Who is next in line for the role of the Doctor?
IT'S anyone's guess just who will land the top job on television.
Everyone is trying to work out who will succeed David Tennant as the next Doctor after he revealed he was going to quit the show.
Bookmakers have made 44-year-old Patterson Joseph the favourite, who, if successful, would be the first black Doctor.
A host of well known names have also been thrown into the ring with Cold Feet star James Nesbit and Sean Pertwee (son of a former Doctor himself) touted as taking the keys to the Tardis.
Russell Tovey is also in the mix after Swansea-born Doctor Who writer Russell T Davies tipped the young star, who has already appeared in the show, as being a candidate back in September.
The Swansea writer is on cloud nine after watching the show he brought back to our screens win another armful of gongs at the National TV Awards.
The show picked up an award for most popular drama, while Tennant scooped the outstanding drama gong.
Speaking exclusively to the Post, Davies said he was pleased to have beaten the competition.
"It's fantastic — we've swept the board," he said.
"The show's won the serial drama award four years in a row and the Doctor has as well, so it's great.
"The whole team is chuffed."
He also paid tribute to the current Doctor.
He said: "I've been lucky and honoured to work with David over the past few years — and it's not over yet, the 10th Doctor still has five spectacular hours left.
"After which, I might drop an anvil on his head. Or maybe a piano. A radioactive piano.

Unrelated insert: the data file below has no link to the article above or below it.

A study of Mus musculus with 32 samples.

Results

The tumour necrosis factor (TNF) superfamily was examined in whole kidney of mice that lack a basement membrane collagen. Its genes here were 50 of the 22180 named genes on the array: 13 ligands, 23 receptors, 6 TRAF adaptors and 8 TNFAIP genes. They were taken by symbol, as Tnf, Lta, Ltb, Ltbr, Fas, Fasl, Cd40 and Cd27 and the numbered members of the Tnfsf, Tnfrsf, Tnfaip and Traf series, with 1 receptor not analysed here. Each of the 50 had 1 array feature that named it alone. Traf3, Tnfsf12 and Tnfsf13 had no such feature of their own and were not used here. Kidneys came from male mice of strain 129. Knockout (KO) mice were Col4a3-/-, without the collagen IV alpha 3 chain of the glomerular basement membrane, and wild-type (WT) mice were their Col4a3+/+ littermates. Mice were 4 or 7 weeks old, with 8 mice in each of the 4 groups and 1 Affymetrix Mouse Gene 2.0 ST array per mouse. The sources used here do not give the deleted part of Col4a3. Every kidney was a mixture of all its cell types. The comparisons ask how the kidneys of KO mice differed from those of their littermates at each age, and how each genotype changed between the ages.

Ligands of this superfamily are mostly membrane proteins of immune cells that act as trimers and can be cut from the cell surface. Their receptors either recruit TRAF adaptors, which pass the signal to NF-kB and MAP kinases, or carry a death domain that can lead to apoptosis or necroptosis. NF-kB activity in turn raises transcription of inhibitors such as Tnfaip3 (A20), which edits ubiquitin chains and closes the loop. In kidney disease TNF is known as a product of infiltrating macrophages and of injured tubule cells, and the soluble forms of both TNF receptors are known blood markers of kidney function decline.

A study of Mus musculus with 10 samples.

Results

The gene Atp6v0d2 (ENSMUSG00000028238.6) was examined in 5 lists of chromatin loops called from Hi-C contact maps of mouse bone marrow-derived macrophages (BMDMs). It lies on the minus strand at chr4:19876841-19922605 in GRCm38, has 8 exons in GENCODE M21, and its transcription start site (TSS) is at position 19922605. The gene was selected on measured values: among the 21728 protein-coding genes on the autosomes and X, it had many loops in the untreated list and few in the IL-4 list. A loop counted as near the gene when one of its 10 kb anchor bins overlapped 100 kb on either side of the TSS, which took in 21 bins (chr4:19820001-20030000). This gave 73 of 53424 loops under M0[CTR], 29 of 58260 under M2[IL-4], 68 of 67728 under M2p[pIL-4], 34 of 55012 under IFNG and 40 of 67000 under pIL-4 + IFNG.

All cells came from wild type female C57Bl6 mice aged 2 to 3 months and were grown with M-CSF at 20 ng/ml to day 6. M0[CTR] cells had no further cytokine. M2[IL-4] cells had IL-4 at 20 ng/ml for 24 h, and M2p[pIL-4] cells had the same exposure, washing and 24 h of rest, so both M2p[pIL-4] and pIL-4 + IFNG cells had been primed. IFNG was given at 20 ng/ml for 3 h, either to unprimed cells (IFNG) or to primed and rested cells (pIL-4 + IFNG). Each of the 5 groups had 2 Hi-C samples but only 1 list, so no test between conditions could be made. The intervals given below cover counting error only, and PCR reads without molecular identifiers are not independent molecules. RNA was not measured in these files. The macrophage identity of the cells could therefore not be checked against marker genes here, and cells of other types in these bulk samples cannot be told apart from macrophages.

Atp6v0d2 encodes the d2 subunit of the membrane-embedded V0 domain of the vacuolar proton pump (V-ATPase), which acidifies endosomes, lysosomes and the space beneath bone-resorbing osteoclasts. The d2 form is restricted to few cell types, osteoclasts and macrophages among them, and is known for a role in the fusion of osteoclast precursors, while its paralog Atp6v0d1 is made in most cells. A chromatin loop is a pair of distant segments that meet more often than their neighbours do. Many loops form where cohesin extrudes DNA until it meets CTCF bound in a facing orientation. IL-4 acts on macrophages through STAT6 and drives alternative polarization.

"We're planning the most enormous and spectacular ending."
Mr Davies was joined on the red carpet at London's Royal Albert Hall by Catherine Tate — who was up against Tennant in the outstanding drama performance category. Gavin and Stacey stars Ruth Jones and Larry Lamb also graced the red carpet, alongside TV presenter Gethin Jones.
But yesterday's headlines focused on Tennant's shock announcement.
He spoke to the awards audience via live TV link-up from Stratford-upon- Avon, where he is currently appearing on stage as Hamlet.
He said: "I've had the most brilliant, bewildering and life-changing time working on Doctor Who.
"I'd always thought the time to leave would be in conjunction with Russell T Davies and BBC's head of drama Julie Gardner, who have been such a huge part of it all for me."
He will continue as the Doctor for next year's four specials — including a Christmas show — before handing over the role.